Here is a story:
There was a man who had a wife and three children. He would say to them: When the rooster calls for the first time, I want you all to wake up so that I may plane your heads to downsize them. The children agreed.
In the morning when the rooster called, the children got up and went to see their father so he could plane their heads. He began with the oldest, and when he finished planing the next child went to him to have his head planed. But the youngest child refused to have his head planed. One day when the rooster called, the youngest woke the others up and said: We better hurry because the rooster has called and we are late. They went and the father began to plane their heads but the youngest said: My head is not yet hard enough to be planed.
One day they all went to the forest to pick isuku fruit, and as they began to pick the fruit they heard the roar of a Lion. So they all began to run back home. Halfway back to the village, they ran into a gate in the middle of the road. The children that had had their heads planed made it through the gate, but the one who had not had his head planed could not get through. He started to shout and tried to put his head through but failed because the entrance was too small. In the end, the Lion got him and ate him.
Listening to teachings is good, but there are some who are like the youngest son and don’t listen to teachings.
And that is the end of our story.
The moral of the story: obedience is always good and disobedience may lead to misfortune. In our actions we should be led by set point of references, by the stable advice of elders rather than passing whim. The young men must rely on elders as they have more wisdom and experience. Thus, let us not run from (or disobey) our parents, because the disobedient child comes to grief. Sometimes in their pride people ask for trouble by not following advise or God’s commandments. We people are creatures of God. God gave us commandments to follow so that we can save ourselves. Some people follow them and others refuse to obey, saying: “If I follow the commandments of God, I will not work well and I will not have many children.” That is why they do what they like. Don’t we know that death comes to all of us? But on the day of death, where can those who wouldn’t listen go for safety? So let us follow our God who is our Father and who will save us from the soldiers – meaning from Satan.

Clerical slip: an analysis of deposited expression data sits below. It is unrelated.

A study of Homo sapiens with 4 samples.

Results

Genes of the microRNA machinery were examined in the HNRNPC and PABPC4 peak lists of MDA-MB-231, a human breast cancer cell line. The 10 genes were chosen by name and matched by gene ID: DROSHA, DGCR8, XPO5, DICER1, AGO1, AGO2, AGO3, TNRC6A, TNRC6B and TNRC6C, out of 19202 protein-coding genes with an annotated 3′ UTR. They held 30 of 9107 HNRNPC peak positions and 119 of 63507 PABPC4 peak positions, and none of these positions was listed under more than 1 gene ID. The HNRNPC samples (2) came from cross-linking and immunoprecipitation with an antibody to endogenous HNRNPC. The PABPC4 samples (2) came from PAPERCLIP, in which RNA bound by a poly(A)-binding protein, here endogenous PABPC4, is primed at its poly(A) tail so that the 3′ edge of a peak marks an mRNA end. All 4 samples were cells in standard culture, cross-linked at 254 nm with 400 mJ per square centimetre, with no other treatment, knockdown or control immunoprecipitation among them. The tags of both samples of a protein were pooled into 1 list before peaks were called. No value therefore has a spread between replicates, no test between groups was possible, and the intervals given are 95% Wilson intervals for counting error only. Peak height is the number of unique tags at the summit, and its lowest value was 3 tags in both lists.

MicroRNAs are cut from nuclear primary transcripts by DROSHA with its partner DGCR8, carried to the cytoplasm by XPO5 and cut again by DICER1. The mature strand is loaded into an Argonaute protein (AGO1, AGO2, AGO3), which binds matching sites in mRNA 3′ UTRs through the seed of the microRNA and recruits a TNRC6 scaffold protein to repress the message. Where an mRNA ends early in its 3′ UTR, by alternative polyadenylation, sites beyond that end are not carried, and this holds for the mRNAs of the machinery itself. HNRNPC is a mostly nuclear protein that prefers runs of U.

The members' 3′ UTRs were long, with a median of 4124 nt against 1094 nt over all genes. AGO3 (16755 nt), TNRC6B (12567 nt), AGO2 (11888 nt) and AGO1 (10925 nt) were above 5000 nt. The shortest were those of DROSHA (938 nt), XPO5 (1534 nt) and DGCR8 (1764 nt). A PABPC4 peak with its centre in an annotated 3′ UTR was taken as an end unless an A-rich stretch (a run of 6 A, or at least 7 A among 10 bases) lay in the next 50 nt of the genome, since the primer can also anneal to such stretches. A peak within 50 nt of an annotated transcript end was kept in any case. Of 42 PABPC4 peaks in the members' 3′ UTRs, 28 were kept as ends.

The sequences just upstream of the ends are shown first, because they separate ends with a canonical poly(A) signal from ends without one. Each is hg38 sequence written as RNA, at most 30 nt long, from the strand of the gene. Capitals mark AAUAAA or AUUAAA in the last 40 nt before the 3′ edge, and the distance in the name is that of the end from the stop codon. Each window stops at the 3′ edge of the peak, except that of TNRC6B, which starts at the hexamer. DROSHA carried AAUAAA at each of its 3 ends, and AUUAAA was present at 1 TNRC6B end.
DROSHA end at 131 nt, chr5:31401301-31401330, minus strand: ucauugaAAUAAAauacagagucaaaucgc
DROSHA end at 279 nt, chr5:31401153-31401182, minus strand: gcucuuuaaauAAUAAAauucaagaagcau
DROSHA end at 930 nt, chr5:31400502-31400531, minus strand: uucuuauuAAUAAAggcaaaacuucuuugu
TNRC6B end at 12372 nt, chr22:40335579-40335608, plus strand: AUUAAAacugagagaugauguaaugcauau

The Mambwe proverbs say: What fills up the small basket does not fill up the winnowing basket (Apakazuli citundu, pasizulu lupe); Where it was thatched (badly), it will keep on leaking (Na pavimbwe, apanyeke); People, like fish, follow the water (Antu inswi, zikalondela manzi); He who pays no attention to the advice of elders grows a beard on his back (Cintuvwa vya yakulu, wamelili vilezu kwitundu); The child who does not listen is taken by an earache by surprise (Mwana wamukana kuvwa, aliucilu mulembu mw’ikutwi); The servant is never above the master (Muomvi, atalusile pali sikulu wakwe); In fording a river, one calls upon someone who knows (Pilambwa, yakaama akumanyile). English equivalent: Better to ask the way than go astray; He that has a tongue in his head may find his way anywhere; He that will not be counselled, cannot be helped.
Subjects: advice – elders – disobedience – misfortune – pride – God’s commandments – wisdom – experience
Written by Mutale Mutamfya, Cikunta 4th of April 1984. Cf. in second version 17 (The Man and His Three Children Whose Heads Swell) written by an unknown author.